A U.S. judge today supported Bayer's request to cut the US$2 billion damages awarded to a Californian couple in May by a jury that ruled its glyphosate-based weed killer had caused their cancer, said Reuters.
The company had in June asked Judge Winifred Y. Smith, of California’s Alameda County Superior Court, to overrule the jury verdict, which determined that its Roundup weed killer had caused Alva and Alberta Pilliod’s non-Hodgkin’s Lymphoma (NHL).
Bayer argued that the ruling was not supported by the evidence.
Judge Smith, in a 15-page opinion, said the punitive damages that make up most of the award should be reduced. A hearing was scheduled to be held on Friday on the issue. If the parties fail to agree, the case will go to a retrial, Reuters reported.
“The court’s tentative order proposes changes in the damage awards, which would be a step in the right direction,” Bayer was quoted as saying in a statement.
Judge Smith’s ruling said that the compensatory damages awarded by the jury for past non-economic loss were “not supportable by the evidence”.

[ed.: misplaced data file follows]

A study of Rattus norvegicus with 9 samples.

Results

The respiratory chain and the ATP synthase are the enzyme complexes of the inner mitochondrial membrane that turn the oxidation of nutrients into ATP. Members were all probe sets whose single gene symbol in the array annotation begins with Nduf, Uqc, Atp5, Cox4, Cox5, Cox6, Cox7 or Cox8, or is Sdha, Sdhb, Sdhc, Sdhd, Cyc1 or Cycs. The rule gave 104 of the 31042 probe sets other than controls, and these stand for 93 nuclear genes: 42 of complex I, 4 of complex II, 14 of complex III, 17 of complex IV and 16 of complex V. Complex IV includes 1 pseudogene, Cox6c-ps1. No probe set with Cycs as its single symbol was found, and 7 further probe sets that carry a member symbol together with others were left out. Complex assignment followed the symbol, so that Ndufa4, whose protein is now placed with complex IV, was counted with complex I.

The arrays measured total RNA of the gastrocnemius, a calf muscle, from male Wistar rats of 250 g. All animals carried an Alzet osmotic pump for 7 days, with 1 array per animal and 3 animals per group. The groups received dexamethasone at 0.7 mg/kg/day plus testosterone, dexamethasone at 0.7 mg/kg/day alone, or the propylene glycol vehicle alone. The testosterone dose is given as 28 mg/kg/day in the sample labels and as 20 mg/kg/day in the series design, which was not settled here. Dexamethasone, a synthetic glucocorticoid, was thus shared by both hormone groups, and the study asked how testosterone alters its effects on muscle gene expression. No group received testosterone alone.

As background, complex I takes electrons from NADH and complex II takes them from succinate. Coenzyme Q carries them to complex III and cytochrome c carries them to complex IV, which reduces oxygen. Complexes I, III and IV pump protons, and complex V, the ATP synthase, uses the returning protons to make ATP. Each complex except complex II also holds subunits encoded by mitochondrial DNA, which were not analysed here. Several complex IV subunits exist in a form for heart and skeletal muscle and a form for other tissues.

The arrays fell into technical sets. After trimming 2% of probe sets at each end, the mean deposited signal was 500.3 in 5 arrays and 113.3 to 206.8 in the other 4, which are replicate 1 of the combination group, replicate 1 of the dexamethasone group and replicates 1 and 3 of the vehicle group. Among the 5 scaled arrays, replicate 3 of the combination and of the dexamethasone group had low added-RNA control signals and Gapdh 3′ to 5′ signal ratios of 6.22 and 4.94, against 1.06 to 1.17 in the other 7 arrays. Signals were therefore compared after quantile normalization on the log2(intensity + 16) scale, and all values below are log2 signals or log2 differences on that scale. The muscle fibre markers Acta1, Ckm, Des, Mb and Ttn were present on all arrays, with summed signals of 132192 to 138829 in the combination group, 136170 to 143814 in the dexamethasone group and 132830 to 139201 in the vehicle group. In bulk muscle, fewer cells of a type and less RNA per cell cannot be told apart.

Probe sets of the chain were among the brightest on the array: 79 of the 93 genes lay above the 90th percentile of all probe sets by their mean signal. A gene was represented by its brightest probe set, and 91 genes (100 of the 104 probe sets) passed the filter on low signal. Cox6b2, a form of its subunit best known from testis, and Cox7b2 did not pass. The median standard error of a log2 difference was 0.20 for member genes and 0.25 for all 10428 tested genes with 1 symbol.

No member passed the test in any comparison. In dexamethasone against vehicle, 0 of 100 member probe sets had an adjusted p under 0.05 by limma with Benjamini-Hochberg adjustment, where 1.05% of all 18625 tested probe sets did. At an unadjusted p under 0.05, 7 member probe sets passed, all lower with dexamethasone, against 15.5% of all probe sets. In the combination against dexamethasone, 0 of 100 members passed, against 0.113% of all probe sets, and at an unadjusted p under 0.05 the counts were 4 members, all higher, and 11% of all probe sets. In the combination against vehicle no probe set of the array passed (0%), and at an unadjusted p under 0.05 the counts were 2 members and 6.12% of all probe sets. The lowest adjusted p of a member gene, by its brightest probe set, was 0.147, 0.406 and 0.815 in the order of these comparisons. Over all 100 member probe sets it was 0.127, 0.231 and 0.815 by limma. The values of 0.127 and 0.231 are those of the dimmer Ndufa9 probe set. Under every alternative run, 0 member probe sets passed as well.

She also questioned the basis for the jury’s larger damages award, indicating that punitive damages should typically be two-to-four times the combined economic and non-economic compensatory damages.
According to a Reuter's calculation, even assuming that compensatory damages are upheld, applying Judge Smith’s logic would result in maximum punitive damages of US$220 million - a fraction of the original jury award.
A Bayer spokesman declined to speculate on whether, and by how much, the damages award could be reduced pending Friday’s hearing.
Another case sees damages award slashed by over US$50m
In a separate case, a federal judge on Monday slashed a damages award Bayer AG owed a California man who blamed Roundup weed killer for his cancer, from US$80.27 million to US$25.27 million, noted Reuters.
The judge rejected the company’s bid for a new trial in this case, it added.
U.S. District Judge Vince Chhabria in San Francisco said evidence supported the US$5.27 million in compensatory damages that a jury awarded Edwin Hardeman. He also said the jury acted reasonably in awarding punitive damages.
Still Chhabria reduced punitive damages to US$20 million from US$75 million.
The publication quoted him saying that while Monsanto “deserves to be punished” the higher award was “constitutionally impermissible” because it was nearly 15 times the compensatory damages award.
“Monsanto’s conduct, while reprehensible, does not warrant a ratio of that magnitude, particularly in the absence of evidence showing intentional concealment of a known or obvious safety risk,” Chhabria was quoted as saying.